A college friend of mine just sent me a link to the Michigan equivalent of the New York Teacher magazine. Why? She was sharing an article entitled, Vanishing Act: what's happening to school librarians. (It's a large .pdf file, but worth reading. See hyperlink above)
Despite the national research which shows a direct correlation between healthy library programs and student achievement, districts are cutting costs by excessing their information professionals. This is akin to not going to the doctor because you can't afford the co-pay. Or, deciding you can't pay for gas for your car, but we'll keep the car in the driveway for others to use who may or may not know how to drive. Not being mandatory at the elementary level in NY, librarians are easy targets for schools who are short-sighted and more concerned with making ends meet or balancing their bottom line.
We are living in the information age, and we all know that this Millennial generation can access anything, but can't analyze or synthesize it. Information professionals are the ones who teach this Generation Me how toevaluate the info they've found to determine whether it's: Credible, Accurate, Reliable and Supported (CARS). Cybrarians act as a learning concierge to foster higher level thought and give students the opportunity to investigate their own questions, evaluate the answers found, and construct meaning of the data. Where else do they do that? Not sitting in all those classrooms preparing for state and national assessments--that's for sure.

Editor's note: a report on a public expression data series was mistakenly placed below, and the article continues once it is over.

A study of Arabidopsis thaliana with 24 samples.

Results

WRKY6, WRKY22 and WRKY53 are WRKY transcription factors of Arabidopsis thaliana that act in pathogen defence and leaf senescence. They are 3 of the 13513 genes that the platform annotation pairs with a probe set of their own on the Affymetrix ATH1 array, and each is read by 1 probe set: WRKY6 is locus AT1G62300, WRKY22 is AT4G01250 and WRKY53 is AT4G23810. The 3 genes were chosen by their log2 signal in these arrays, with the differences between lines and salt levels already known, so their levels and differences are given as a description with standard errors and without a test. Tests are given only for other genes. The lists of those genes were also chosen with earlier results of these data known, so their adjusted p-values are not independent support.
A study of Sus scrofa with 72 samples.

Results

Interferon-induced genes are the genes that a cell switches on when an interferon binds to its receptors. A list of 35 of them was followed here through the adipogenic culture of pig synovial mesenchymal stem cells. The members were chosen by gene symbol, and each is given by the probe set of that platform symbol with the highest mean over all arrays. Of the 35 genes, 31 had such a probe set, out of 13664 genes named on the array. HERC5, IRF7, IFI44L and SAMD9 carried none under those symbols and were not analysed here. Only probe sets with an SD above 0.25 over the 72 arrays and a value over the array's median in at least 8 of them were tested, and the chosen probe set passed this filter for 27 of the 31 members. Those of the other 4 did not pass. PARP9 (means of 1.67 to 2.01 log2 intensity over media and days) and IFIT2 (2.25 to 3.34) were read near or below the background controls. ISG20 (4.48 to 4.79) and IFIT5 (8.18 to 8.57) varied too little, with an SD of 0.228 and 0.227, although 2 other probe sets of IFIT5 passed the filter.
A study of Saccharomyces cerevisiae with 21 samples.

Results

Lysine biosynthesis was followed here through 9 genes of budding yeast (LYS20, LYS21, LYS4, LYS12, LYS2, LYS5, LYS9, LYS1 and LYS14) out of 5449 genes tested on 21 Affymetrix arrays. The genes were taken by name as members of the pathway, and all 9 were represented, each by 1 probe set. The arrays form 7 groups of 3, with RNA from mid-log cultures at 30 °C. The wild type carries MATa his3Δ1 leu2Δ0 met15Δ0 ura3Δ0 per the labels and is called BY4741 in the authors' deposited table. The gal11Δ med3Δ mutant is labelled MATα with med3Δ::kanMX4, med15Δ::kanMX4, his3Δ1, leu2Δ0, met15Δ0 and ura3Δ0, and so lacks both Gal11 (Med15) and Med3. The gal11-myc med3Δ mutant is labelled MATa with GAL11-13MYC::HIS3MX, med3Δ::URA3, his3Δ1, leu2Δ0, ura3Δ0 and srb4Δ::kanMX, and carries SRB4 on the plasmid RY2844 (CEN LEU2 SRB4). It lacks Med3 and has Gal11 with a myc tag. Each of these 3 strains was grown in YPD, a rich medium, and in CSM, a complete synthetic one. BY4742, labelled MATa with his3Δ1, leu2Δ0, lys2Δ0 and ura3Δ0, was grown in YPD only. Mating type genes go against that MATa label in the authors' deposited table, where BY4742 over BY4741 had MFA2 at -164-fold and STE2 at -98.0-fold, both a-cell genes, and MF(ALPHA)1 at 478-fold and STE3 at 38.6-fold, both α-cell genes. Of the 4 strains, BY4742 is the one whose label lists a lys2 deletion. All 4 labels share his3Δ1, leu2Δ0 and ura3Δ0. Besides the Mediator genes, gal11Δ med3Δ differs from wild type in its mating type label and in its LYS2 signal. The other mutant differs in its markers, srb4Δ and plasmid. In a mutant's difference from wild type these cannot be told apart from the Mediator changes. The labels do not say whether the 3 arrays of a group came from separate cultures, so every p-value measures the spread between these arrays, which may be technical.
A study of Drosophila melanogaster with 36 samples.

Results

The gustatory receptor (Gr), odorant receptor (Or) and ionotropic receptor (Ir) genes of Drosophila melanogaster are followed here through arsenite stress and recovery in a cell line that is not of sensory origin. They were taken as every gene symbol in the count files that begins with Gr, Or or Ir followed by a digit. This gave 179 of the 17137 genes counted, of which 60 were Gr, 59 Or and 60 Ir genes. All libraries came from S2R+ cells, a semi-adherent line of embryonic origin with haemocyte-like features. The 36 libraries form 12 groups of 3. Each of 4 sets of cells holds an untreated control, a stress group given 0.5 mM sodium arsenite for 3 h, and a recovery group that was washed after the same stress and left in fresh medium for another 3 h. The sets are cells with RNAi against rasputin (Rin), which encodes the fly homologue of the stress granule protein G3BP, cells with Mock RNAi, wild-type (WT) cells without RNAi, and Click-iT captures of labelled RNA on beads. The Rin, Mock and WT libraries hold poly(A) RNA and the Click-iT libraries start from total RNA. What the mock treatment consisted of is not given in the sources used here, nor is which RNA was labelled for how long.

Teachers are encouraged by librarians to create authentic learning research projects where students are stretched to find meaning and reach learning objectives at the same time. That's called Inquiry. That's called PBL, "Challenged Based Learning", or Activity Based Learning.
Visit your librarian today and ask him/her to help you create a unit of discovery, infused with information, and in support of your learning standards. Chances are you'll find someone who will point you to quality information resources, help create a unit with compelling essential questions, suggest some quality literature, and be excited to guide your students down a road of discovery. If they don't help you--then they may sincerely be cut and replaced by someone who can.